What:

Signals should delegate to the child process to determine what to
do as cross-env is a facade to spawning them cross platform.

SIGINT, in particular, can decide swallow the signal and continue on.

cross-env needs to wait for the child to decide when it's time to exit.

fixed leaking process.on listeners.

Why:

See https:github.com/jtlapp/node-cleanup

When you hit Ctrl-C, you send a SIGINT signal to each process in the
current process group. A process group is set of processes that are
all supposed to end together as a group instead of persisting
independently. However, some programs, such as Emacs, intercept and
repurpose SIGINT so that it does not end the process. In such cases,
SIGINT should not end any processes of the group.

The current implementation delegates the SIGINT received by the parent to child, so the child receives two signals. And the process terminates abruptly.

How:

Created a delegateSignalToChild that checked to see if child still exists before delegating signals. Doesn't delegate SIGINT.

Removed process listeners when child exits.

Sets process.exitCode as per https://nodejs.org/api/process.html#process_process_exit_code instead of called process.exit(errorCode).

Checklist:

  • Documentation
  • Tests
  • Ready to be merged

I've only tested it on Windows...

Signals should delegate to the child process to determine what to
do as cross-env is a facade to spawning them cross platform.

SIGINT, in particular, can decide swallow the signal and continue on.

cross-env needs to wait for the child to decide when it's time to exit.

fixed leaking `process.on` listeners.

The issues #178 #180 don't fix the problem deep enough.


// Pass through child's signal to parent.
// SIGINT should not be transformed into a 0 exit code
process.kill(process.pid, signal)


jsnajdr Feb 20, 2020

Do I understand correctly that the code does the following?

  • when the parent process (cross-env) receives a SIGTERM signal, it will handle it by sending it to the child process
  • then when the child process exits and its exit status says it's been killed with a signal, the parent sends that signal to itself?
  • that means that the parent process receives the signal two times: first from external source, handled by a custom handler that forwards it to the child, second time from itself, and handled by the default handler, as the custom handler was removed a moment ago?
  • the second SIGTERM, with custom handler removed, will cause the parent process to terminate, as that's what the default handler does?
  • the parent process will end with an exit status that says it was terminated with SIGTERM?

The SIGINT handling seems to be a bit special: the parent process' custom handler simply ignores it, and relies on the fact that the child process received the SIGINT signal, too. Then in the child.on('exit') callback, it will uninstall the "ignore" handler and will send SIGINT to itself. Then it will finally terminate with SIGINT signal exit status.

One case that looks a bit suspicious: if I kill the parent process explicitly, with kill -s SIGINT <parent-pid>, then it will ignore the signal and do nothing. Both processes continue to run.


baerrach Feb 20, 2020
Author Contributor

Yes your understanding is correct for the example using SIGTERM and all other non-SIGINT signals that are listened for.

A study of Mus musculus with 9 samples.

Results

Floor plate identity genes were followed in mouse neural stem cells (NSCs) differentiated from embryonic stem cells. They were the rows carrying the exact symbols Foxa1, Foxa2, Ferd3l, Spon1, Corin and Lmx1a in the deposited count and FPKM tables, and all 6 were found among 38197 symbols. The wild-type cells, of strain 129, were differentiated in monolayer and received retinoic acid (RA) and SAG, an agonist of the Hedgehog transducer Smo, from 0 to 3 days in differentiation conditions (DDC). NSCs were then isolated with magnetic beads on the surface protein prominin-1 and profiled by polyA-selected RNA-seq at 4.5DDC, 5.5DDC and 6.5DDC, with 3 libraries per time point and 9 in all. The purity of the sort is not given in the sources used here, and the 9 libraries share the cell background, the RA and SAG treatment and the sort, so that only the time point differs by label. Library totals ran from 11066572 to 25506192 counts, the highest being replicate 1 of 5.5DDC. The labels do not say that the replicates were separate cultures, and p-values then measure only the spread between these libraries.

For the example of SIGINT, all I can say is the documentation I found indicates this is what happens on Unix systems. I haven't tested this on that platform. If you can find a definitive guide to signal handling I"m happy to adjust the code.

On Windows there is no such thing as signals, they are emulated by Node Signal Events

Did you try the kill -s SIGINT <parent-pid>? As I'm on windows I dont have those utilities.

}
}

const sigtermHandler = delegateSignalToChild('SIGTERM')


jsnajdr Feb 20, 2020

The signal event receives the signal name as the argument. That means you don't need to create a special handler for each signal:

const delegateSignalToChild = signal => {
  process.kill(child.pid, signal);
}
process.on('SIGTERM', delegateSignalToChild);
process.on('SIGBREAK', delegateSignalToChild);


baerrach Feb 20, 2020
Author Contributor

Sure. I was following other examples around the place to get the correct handling working.

As the original code created inline arrow functions to handle the individual events I just kept a similar code flow.

I wasn't sure whether the listeners would vary or be removed independently so went with the more verbose style.


Thank you for this. It looks good to me. Merging!

@kentcdodds kentcdodds merged commit 8a9cf0e into kentcdodds:master Mar 3, 2020

🎉 This PR is included in version 7.0.1 🎉

The release is available on:

Your semantic-release bot 📦🚀

@XhmikosR

FYI, I see processes hanging after hitting Ctrl+C on Windows (also one ctrl+C does not close all processes like before). Going back to 7.0.0 works fine.

2020-03-05_10-34-20

kentcdodds added a commit that referenced this pull request Mar 5, 2020

This PR has been reverted. Sorry for the trouble @XhmikosR. Thanks for letting us know of the problem.

Let's ensure that we address the core issues and handle cases like this.

@XhmikosR

Thanks @kentcdodds! Not sure if you had CI run on Windows would help. Maybe it's time to try GitHub Actions CI? :)

PS. I opened a new issue this morning, because I wasn't sure if you'd notice my comment here #230. Feel free to close it.


We do have CI for windows set up.


Indeed, I missed appveyor.yml. Oh, well, not sure what else could be done, then, assuming your tests cover this case.